Blocked in Russia: Skiffs Secure Email Service Shut Down

The Russian government’s decision to block another encrypted email provider is an attempt to tighten its grip on communications in the country.

According to Milich, the evidence includes a recorded conversation from an unidentified agent with Skiff’s routing administrator, in which the agent requests that all traffic to Skiff be redirected to another service. The conversation also reveals that the organization responsible for ordering the block is likely connected to the Russian government.

Since protonmail and tutanota were both blocked in Russia, many people believe that this is a sign of Putin’s repressive regime. Even though these email encrypted services offer more security than other alternatives, they are still vulnerable to government spying.

It is unclear why Skiff was blocked by Russian authorities. The infographic accompanying the article lists several politically themed websites that have been blocked in recent months, but Skiff does not appear among them. It is possible that the site was banned because of its content or for posing a threat to the government’s monopoly on information.

Stanislav Shakirov, technical director and co-founder of Roskomsvoboda, told TechGround that the block is in full effect and that “the blocking is done by the ISP on their equipment by the URL mask (* and IP addresses.” Mr Shakirov said that this kind of blocking usually lasts for 72 hours, but it could be longer depending on how quickly the offending site can be identified and blocked. He added that Roskomsvoboda will continue to monitor developments around this issue, as it believes in ‘a free market with rules.’

Due to the blocking of by the Russian government, many users are unable to access the site and its services. This has caused some users to switch to other methods of accessing Skiff, such as using VPNs or browser plugins that allow access through proxies.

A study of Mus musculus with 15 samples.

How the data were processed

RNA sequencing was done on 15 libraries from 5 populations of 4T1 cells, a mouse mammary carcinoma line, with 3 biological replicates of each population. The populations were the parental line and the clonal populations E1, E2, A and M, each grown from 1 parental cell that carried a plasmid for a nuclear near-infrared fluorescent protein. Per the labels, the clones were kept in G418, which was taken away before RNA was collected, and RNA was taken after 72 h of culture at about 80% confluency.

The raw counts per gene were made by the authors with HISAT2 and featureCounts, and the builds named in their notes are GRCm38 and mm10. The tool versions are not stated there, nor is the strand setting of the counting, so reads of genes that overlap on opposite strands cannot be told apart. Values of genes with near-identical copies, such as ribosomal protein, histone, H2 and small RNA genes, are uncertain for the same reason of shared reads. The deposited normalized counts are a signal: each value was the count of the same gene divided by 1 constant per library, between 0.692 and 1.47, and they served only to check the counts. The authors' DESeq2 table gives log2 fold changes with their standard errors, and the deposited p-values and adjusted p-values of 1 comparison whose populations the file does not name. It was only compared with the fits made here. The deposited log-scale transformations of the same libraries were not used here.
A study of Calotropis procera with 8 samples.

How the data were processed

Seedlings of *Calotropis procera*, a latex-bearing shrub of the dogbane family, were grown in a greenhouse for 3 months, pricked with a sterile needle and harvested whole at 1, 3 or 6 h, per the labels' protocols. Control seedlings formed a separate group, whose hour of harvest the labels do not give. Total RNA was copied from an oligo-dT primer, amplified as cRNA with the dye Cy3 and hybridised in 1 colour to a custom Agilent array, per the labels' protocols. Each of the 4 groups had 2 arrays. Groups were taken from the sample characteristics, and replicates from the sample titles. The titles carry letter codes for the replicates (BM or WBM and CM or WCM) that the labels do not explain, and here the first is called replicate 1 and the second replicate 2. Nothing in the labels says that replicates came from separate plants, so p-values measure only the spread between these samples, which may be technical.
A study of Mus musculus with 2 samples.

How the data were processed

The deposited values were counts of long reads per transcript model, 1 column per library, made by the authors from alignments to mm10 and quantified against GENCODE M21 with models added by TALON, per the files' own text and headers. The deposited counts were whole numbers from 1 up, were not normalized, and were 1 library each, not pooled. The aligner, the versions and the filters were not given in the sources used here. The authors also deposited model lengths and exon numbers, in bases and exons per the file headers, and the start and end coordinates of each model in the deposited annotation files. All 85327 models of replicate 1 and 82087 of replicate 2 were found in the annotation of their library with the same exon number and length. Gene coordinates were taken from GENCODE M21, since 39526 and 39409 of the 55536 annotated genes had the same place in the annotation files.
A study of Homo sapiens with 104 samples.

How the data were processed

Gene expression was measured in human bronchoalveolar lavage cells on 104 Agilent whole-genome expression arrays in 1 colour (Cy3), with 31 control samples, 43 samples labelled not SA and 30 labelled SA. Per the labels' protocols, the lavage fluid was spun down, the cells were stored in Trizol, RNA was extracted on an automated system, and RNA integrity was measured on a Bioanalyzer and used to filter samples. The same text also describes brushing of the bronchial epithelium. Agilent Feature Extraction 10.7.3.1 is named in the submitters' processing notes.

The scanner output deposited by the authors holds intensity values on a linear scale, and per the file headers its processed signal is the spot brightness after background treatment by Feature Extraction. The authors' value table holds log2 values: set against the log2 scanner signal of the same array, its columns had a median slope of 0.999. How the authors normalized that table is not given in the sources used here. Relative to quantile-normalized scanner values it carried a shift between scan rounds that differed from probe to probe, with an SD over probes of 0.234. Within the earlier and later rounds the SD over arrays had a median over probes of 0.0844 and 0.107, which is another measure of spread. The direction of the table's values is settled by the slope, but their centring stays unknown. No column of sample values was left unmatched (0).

Since the Skiff app stopped working in Russia last week, users there have complained about frustrating connection errors. Milich said that the company has seen an 81% decrease in traffic from Russia since last week and that he has received several complaints from users in Russia that the service is not usable anymore. With so many people now using other platforms to get their news, it seems likely that Skiff’s declining popularity in Russia will only continue.

Skiff is a popular online messenger in Russia, because it is easy to use and offers great customer service. The company has half a million users in Russia, and continues to grow rapidly as more people discover its benefits.

As Skiff strives to create an internet where our personal information is not shared, bought, or sold, they have had to confront suppression by governments and organizations who view their services as a threat. Despite this resistance, the company’s co-founders remain committed to their mission of providing products for private communication and freedom.


Max Chen is an AI expert and journalist with a focus on the ethical and societal implications of emerging technologies. He has a background in computer science and is known for his clear and concise writing on complex technical topics. He has also written extensively on the potential risks and benefits of AI, and is a frequent speaker on the subject at industry conferences and events.